We know the CQC carries out a ‘digital deep dive’ into your company prior to inspection.

This enables the CQC to ascertain information about your company so they can gauge the interaction with your audience by looking at feedback and comments.

Feedback and comments from your service users, family members, people and organisations that work with you and provide their services to you and your clients is crucial information.

We expect the CQC will likely research:

  • Your company website
  • General search on Google for:
    • Director(s)
    • Registered Manager
    • Nominated Individual
  • Facebook / Twitter / LinkedIn / Instagram / YouTube
  • Online forums e.g. www.carersuk.org
  • Membership of a professional body e.g. nursing and midwifery council
  • Companies House
  • Financial credit checks like www.creditsafe.com
  • Trust Pilot
  • Ratings if selling products on Amazon.

Did you know you can request a full breakdown of your digital information that a company keeps on you?

How do I request my data from Facebook –


How do I request my data from LinkedIn –


How do I request my data from Twitter –


To get ahead of the game, it’s important to find out what your digital footprint looks like.

 What is a digital footprint?

Whenever you use the internet, you leave behind a trail of information known as your digital footprint. A digital footprint can include, posting on social media, online shopping, subscribing to a newsletter or leaving an online review on a hotel booking site.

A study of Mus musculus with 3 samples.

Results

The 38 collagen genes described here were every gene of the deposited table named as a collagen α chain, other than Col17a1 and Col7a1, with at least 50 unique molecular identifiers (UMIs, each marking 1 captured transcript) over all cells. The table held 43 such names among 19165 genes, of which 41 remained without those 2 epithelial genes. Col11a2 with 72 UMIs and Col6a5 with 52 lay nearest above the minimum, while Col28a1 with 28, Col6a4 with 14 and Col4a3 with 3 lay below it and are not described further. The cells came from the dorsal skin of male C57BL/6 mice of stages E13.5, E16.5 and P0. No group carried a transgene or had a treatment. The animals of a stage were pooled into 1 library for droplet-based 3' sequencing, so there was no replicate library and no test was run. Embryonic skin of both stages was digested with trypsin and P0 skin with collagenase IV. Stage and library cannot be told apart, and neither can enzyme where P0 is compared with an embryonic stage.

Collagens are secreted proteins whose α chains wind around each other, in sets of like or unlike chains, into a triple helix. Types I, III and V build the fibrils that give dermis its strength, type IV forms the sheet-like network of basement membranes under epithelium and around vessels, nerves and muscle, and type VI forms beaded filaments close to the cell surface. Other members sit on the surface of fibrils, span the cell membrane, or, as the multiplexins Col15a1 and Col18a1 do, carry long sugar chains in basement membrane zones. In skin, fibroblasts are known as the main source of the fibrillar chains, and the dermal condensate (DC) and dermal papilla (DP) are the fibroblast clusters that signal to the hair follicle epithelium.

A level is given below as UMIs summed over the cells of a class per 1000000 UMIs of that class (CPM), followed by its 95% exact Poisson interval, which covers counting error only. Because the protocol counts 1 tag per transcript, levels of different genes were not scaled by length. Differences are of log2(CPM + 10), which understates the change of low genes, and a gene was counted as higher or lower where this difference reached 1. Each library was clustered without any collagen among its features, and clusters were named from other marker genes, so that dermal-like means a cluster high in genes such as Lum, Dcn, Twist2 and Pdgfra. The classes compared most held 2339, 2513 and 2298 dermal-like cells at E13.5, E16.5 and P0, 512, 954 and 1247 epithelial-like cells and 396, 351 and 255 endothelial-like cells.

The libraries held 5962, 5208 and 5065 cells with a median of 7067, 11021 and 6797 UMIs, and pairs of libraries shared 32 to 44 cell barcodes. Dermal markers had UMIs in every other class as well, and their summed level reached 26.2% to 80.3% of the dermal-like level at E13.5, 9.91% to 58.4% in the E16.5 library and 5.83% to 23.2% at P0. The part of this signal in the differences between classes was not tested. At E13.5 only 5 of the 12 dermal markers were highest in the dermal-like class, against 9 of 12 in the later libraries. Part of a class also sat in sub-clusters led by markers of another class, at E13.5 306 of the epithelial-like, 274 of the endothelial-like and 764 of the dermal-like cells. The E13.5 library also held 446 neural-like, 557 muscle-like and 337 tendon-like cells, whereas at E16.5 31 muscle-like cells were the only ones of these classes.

It’s not always obvious that you are contributing to your digital footprint. Websites can track your activity by installing cookies on your device which collate your data without you knowing it. Once you allow an organisation to access your information, they can sell or share your data with third parties.

You may have heard the terms ‘active’ and ‘passive’ in relation to digital footprints.

Active digital footprints

An active digital footprint is where the user has deliberately shared information about themselves.

As an example, through posting or participating on social networking sites or online forums. If a user is logged into a website through a registered username or profile, any posts they make form part of their active digital footprint.

Other activities that contribute to active digital footprints include completing an online form – such as subscribing to a newsletter – or agreeing to accept cookies on your browser. 

Passive digital footprints

A passive digital footprint is created when information is collected about the user without them being aware that this is happening.

As an example, this occurs when websites collect information about how many times users visit, where they come from and their IP address. This is a hidden process, which users may not realise is taking place.

If you have a website you should be able to view this information via a control panel, here’s an example below of what data analytics we can see in relation to our website.  You can also use tools like Google Analytics – https://analytics.google.com.

Other examples of passive footprints include social networking sites and advertisers using your likes, shares, and comments to profile you and target you with specific content.  Facebook is a perfect example, where a business can access tools and carry out a deep dive on their analytics – https://blog.hootsuite.com/facebook-analytics-insights-beginners-guide/.

Do you want to know more about your Digital Footprint and get ahead of the game to see what the CQC will find about your organisation?

Contact Tracey Clarke on 01636 904951

or email tracey@virtual-administraton.com to find out more.